Collaborating for Innovative Solutions in Global Health
By Tara Newton, Senior Communications Associate, BID Initiative
Jun 23, 2016
How do we innovate to build a world where health is in reach for everyone? Last week, professionals in global health and development converged to learn from one another and push the envelope at Devex World.
The BID Initiative’s Dr. Chilunga Puta, BID Learning Network (BLN) Director, was featured as a luminary at Devex World, providing a flash talk on Improving Health through Peer Learning and Data. In the talk, Dr. Puta highlighted how the BID Initiative solutions will allow health workers to collect and use better data to make better decisions and improve overall health outcomes. She also discussed how peer learning networks are an innovative approach to developing sustainable, scalable solutions together. The talk was live streamed from the event on PATH’s Facebook page.
Tying into the themes of Devex World, PATH hosted a gathering to launch The Innovation Effect which aims to accelerate impact through unique partnerships, disruptive technologies, transformed systems and data-driven insights.
PATH President and CEO, Steve Davis, notes why innovation matters with these five key takeaways featured in a recent blog post:
- Innovation still matters:It is clear that we need innovation now more than ever. Whether it’s incremental or revolutionary, it needs to be integrated into everything we do, every day. We should double-down our commitment to this agenda of innovation.
- Innovation comes in many forms: Yes, there are new products and gadgets, but we also must innovate in systems and processes, and in financing and policy changes that combine to create the biggest impact. This also requires us to be very intentional about looking at innovation through multiple “lenses,” including gender, culture, adolescence, and national security.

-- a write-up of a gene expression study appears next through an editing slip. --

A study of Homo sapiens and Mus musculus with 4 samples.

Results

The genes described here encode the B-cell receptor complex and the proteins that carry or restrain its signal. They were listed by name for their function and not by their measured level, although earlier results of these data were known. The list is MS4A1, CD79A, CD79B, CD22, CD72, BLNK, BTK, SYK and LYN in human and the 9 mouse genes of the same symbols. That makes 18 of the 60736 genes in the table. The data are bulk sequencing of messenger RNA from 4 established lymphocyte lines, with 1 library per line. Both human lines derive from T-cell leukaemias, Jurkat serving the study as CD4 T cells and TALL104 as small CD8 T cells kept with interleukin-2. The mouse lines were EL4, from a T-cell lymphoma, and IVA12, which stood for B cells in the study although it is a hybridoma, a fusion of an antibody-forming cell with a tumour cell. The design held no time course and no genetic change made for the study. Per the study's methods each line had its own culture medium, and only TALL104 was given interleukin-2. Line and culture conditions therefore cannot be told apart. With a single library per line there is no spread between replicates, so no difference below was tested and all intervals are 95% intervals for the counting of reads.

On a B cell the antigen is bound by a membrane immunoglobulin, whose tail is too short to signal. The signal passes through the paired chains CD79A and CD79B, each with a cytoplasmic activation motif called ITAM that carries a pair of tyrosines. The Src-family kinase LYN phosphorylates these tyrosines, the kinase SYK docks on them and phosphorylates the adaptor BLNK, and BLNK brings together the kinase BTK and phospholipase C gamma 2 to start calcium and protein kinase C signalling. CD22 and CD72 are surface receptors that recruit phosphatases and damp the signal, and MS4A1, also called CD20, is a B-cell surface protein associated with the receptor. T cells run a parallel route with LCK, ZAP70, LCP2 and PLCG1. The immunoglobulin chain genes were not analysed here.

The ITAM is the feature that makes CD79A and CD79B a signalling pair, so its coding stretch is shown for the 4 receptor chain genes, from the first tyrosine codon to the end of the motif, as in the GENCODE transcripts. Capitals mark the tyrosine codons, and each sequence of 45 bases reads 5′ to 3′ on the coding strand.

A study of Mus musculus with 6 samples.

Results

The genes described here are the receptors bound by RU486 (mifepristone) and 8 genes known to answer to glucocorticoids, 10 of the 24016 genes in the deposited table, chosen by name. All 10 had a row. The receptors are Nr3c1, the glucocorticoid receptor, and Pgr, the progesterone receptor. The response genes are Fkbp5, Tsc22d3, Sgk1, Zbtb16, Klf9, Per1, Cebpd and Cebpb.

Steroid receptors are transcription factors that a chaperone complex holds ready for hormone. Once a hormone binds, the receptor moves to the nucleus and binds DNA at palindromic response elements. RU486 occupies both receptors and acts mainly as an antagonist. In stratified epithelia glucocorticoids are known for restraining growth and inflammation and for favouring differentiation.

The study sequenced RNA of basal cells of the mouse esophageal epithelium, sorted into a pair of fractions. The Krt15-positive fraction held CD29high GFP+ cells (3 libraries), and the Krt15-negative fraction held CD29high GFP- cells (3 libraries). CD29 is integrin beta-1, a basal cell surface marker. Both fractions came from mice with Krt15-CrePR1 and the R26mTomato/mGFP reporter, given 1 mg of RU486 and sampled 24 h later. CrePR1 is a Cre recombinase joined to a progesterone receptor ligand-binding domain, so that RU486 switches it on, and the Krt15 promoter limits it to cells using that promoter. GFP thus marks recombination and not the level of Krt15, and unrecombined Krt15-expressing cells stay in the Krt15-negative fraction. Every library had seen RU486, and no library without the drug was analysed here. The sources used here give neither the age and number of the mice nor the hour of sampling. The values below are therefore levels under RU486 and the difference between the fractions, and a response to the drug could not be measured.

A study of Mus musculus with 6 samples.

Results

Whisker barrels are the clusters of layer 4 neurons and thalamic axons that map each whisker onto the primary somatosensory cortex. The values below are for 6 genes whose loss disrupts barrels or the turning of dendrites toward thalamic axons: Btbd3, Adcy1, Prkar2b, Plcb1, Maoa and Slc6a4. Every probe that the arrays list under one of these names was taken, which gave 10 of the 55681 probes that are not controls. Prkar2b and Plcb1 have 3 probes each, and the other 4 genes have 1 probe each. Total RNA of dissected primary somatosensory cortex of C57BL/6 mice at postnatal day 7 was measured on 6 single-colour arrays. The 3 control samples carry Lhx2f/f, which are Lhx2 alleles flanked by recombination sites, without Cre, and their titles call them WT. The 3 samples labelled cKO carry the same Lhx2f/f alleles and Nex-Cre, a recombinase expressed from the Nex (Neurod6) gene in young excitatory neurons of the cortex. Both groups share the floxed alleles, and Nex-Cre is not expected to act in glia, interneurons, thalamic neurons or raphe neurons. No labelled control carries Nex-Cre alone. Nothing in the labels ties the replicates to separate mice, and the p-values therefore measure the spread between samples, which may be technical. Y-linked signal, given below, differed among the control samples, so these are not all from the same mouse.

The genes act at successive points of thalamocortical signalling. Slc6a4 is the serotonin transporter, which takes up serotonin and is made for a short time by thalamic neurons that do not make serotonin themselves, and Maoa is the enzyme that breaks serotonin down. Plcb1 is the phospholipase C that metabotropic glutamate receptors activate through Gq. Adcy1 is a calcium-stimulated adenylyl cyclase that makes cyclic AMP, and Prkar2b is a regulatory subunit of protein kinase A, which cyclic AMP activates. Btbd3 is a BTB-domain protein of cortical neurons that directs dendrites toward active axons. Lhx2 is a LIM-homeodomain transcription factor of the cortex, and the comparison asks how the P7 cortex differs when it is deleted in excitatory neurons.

- Innovation will be turbocharged with digital tools:We can now do innovation differently with new tools in data, digital solutions, and social networks. We have a new level of connectivity that we’ve never had before. While we should not forget that health innovation often relies on basic biology, chemistry, and engineering, better use of data combined with better connectivity tools and ideas are letting us bridge gaps and accelerate networked impact.
- Innovation needs to matter: We must constantly be asking, “So what?” To have impact, we must be more thoughtful and also more assertive about human-centered design and the scalability of ideas. We must aim to lessen global inequities in health and we must focus on impact: changes that will increase access, cost less, or be more effective. Urgent crises require urgent responses, but those responses should be part of a broader framework that keeps the big-picture development agenda at the center, and aligns resources accordingly.
- Innovation that matters requires partnerships: Acting alone holds back progress. Successfully scaling up social innovation requires government, the private sector, and the social sector to come together, along with strong global leadership, to make an impact. I’m hard pressed to think of a single social innovation that has gone to scale without these three sectors working in partnership.
The BID Initiative approach to achieving our vision resonates with these takeaways – in particular new tools in data, digital solutions, and social networks; as well as building strong partnerships for sustainability and scale. We look forward to collaborating with partners and colleagues from last week’s events to challenge each other to be innovative in solving some of the biggest global health challenges.